You know I was just thinking about a radio interview I did with a radio station yesterday promoting my new single “The Champ is Here” featuring Worst Case Scenario and Stop The Gimmicks and one of the questions that stuck with me was about my views on hip hop culture of yesteryear vs hip hop culture of now. Here’s my brief summery;
Human Interaction: Back in the days in NYC, the iron horse (subway for you laymen) was an integral part of my record shopping experience. Every weekend myself, DJ Dae One and DJ J. Speed would go to I&L records on Flatbush Avenue and then travel down Church avenue stopping in multiple record stores along the way, then hit Utica avenue to hit up a few spots until we got to Eastern Parkway and then jump on the IRT to the City (Manahattan) and head on over to Rock and Soul on 7th Ave between 34th & 35th and then over to Times Square to the Music Factory and then double back to Downtown records on 28th street and further down into the Village to a few spots on Bleeker street including the iconic Bleeker Bob’s and then we’d head over to Queens to hit up Music Factory on Jamaica Avenue and VP Records and a few spots on Guy R. Brewer which back then was known as New York Blvd.
The thing here was we not only had a relationship with the records we’ purchase but we had a face to face rapport with our vendors as DJs. But DJs weren’t the only ones privy to this very special experience. The record store was also a very cool spot to meet chicks who loved music just as much as you. You also made friends in the record store because someone could know the name of the record you heard at a block party, park jam or on the radio.
Soulless corporate owned music department outlets. Uniformed guy or girl who’s bitter about their so called fugged up life and pissed off they have to wear a stupid looking logo and engage their customers with the ultra phony “Hi, how you’re doing?” or “How’s it going?”.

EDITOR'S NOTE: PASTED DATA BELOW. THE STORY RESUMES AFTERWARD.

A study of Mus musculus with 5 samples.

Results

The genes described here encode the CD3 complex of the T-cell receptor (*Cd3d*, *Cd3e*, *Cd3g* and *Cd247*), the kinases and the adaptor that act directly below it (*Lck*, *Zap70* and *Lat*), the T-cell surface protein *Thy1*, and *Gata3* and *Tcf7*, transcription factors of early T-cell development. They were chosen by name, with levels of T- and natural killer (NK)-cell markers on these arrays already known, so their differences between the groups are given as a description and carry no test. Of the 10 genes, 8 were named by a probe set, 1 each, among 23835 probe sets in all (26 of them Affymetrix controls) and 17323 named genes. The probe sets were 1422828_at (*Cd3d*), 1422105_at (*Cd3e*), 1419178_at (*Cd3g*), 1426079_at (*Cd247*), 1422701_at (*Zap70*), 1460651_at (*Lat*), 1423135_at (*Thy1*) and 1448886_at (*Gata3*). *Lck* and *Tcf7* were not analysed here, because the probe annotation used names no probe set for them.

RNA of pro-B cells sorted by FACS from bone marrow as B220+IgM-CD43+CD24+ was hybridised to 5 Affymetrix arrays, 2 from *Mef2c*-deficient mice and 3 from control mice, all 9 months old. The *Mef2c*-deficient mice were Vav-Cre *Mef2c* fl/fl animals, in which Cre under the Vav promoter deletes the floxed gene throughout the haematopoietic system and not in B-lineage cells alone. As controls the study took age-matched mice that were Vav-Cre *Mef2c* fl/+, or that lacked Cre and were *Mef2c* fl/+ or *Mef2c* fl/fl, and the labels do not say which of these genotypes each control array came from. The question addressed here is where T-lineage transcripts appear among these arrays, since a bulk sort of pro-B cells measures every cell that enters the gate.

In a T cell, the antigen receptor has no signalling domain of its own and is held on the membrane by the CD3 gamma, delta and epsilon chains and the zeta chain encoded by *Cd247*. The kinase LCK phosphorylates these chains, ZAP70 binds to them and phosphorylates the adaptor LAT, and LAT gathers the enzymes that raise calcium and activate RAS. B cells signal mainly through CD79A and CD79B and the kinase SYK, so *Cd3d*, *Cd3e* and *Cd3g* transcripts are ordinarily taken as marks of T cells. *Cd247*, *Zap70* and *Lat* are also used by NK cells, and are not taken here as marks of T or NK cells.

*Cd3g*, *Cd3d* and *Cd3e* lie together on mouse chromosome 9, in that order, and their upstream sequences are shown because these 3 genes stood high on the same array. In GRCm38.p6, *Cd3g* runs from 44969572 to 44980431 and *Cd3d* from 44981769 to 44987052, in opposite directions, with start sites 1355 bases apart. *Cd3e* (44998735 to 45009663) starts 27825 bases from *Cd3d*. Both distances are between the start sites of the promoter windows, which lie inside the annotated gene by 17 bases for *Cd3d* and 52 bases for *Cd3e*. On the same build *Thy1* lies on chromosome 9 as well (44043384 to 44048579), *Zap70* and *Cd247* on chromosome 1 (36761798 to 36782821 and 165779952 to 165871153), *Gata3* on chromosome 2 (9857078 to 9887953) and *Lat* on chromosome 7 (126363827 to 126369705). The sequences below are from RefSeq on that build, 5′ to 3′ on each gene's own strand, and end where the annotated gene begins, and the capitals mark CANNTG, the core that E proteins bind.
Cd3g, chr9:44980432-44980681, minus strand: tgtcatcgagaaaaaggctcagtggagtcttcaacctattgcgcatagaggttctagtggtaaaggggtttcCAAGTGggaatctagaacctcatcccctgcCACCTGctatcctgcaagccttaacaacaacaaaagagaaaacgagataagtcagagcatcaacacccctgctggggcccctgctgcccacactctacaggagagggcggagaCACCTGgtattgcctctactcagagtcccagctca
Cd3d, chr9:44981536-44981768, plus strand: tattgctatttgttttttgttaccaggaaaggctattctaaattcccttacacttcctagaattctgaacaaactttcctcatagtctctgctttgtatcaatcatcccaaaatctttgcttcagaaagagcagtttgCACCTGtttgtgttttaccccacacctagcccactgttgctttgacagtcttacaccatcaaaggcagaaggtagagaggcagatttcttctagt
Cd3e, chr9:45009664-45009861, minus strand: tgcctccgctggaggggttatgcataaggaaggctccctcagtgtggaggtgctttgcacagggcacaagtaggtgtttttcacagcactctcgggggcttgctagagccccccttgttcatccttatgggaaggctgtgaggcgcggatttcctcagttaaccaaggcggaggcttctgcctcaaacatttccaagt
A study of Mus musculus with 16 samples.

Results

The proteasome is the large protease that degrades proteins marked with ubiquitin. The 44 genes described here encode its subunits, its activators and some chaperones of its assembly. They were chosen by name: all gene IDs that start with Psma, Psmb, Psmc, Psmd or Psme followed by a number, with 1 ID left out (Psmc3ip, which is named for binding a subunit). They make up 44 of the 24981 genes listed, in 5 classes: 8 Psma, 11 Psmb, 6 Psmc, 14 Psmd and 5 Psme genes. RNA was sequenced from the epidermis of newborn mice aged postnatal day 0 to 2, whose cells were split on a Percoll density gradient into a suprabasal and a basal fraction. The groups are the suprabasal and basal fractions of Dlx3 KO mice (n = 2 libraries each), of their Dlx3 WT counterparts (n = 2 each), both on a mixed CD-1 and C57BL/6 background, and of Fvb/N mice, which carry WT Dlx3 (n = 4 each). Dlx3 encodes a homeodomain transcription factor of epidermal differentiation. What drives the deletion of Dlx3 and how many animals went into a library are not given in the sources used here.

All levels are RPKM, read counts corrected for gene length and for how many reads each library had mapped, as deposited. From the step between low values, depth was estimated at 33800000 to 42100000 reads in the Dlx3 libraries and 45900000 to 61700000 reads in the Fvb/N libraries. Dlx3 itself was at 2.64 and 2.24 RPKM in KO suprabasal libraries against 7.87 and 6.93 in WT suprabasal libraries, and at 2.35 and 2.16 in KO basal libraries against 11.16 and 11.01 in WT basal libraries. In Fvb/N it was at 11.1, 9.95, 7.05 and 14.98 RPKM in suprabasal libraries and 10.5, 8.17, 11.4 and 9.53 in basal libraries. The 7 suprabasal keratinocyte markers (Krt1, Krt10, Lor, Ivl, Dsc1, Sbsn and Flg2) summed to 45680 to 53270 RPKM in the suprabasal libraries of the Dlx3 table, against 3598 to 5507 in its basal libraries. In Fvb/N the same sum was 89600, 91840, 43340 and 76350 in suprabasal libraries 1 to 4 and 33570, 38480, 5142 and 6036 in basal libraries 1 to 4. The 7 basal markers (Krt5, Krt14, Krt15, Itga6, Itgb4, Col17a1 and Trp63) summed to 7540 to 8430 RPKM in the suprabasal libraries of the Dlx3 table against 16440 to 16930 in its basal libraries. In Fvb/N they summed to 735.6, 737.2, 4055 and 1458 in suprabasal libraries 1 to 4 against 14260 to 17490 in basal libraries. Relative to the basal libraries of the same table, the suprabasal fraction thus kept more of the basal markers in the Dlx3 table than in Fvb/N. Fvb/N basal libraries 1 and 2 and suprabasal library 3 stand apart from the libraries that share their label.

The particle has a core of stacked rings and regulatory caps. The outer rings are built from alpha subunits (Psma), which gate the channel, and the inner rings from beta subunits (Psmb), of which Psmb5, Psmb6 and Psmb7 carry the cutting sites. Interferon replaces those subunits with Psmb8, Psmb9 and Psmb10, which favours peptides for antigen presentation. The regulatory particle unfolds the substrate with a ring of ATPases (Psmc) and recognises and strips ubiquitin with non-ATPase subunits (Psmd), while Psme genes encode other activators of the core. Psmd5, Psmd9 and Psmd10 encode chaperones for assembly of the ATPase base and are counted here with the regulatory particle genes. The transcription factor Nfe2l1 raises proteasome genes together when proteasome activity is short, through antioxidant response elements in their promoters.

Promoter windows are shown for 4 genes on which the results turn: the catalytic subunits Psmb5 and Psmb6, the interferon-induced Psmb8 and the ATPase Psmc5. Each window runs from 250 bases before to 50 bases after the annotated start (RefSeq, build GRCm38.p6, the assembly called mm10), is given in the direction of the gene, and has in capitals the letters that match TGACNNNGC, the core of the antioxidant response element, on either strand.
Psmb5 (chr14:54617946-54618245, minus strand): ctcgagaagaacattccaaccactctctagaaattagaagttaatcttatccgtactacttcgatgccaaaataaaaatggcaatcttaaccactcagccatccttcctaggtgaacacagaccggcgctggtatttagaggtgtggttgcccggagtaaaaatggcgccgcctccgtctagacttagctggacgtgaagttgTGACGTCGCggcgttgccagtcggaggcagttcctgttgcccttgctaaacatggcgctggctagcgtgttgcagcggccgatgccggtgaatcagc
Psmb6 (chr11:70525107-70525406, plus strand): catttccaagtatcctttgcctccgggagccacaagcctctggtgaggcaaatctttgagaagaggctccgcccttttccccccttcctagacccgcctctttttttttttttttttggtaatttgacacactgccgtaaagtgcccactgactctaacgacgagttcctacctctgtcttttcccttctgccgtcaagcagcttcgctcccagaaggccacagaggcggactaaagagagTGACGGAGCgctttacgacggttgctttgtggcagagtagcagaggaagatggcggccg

But there is another disconnect about this experience that does not feel right about buying music in stores like this. They are sterile in such a clinical way that these stores have no true personality. Thus making the purchase uncomfortable and awkward. But wait what about the internet?
Now let’s get into iTunes for a second. First off iTunes sucks moose c ock! Yeah I said it and if you’re looking at your iPhone or iPod you’re probably saying to yourself, Fugg you Pete Marriott and that’s a natural response because I just told you a simple truth you know. Think about it for a sec, it’s the most restrictive file format and it’s a rather annoying purchasing experience.
But the iPhone and iPod is pretty and what’s pretty is automatically deemed as cool especially when Appholes (my coined phrased for overzealous Apple fanatics) are the Tea Party of digital technology. But there is another reason why I strongly dislike iTunes. It’s elitist and that in it’s self takes the true joy out of music purchasing experience.
Human beings in the digital age are not only physically lazy but mentally lazy in the sense of how we listen to music today. I don’t have to search for music anymore, it comes to me via my Facebook, Twitter feeds and when Hypemachine goes public, god forbid the chaos that will ensue.
The Major Label side of the music industry is trying to save themselves every damn day as more and more shareholders are dumping their stock into these corporations. The marketing companies who’s jobs are to sell you shit that you actually don’t need now have a solid Kung-Fu Death grip on all things hip hop music, so what are we to do?
Do we all run through the streets butt naked screaming the sky is falling or do we make a convergence and empower ourselves and increase the value of our music by creating a new system within that will not only create sustainability but a platform that balances the war between the localization and globalization of hip hop music?
Hack your 3rd Eye first then Hack the business of Hip Hop culture. People who follow the current trends are destined to fail and fall hard, why? Because without truly knowing the rudiments you can’t lead the path to the results you seek.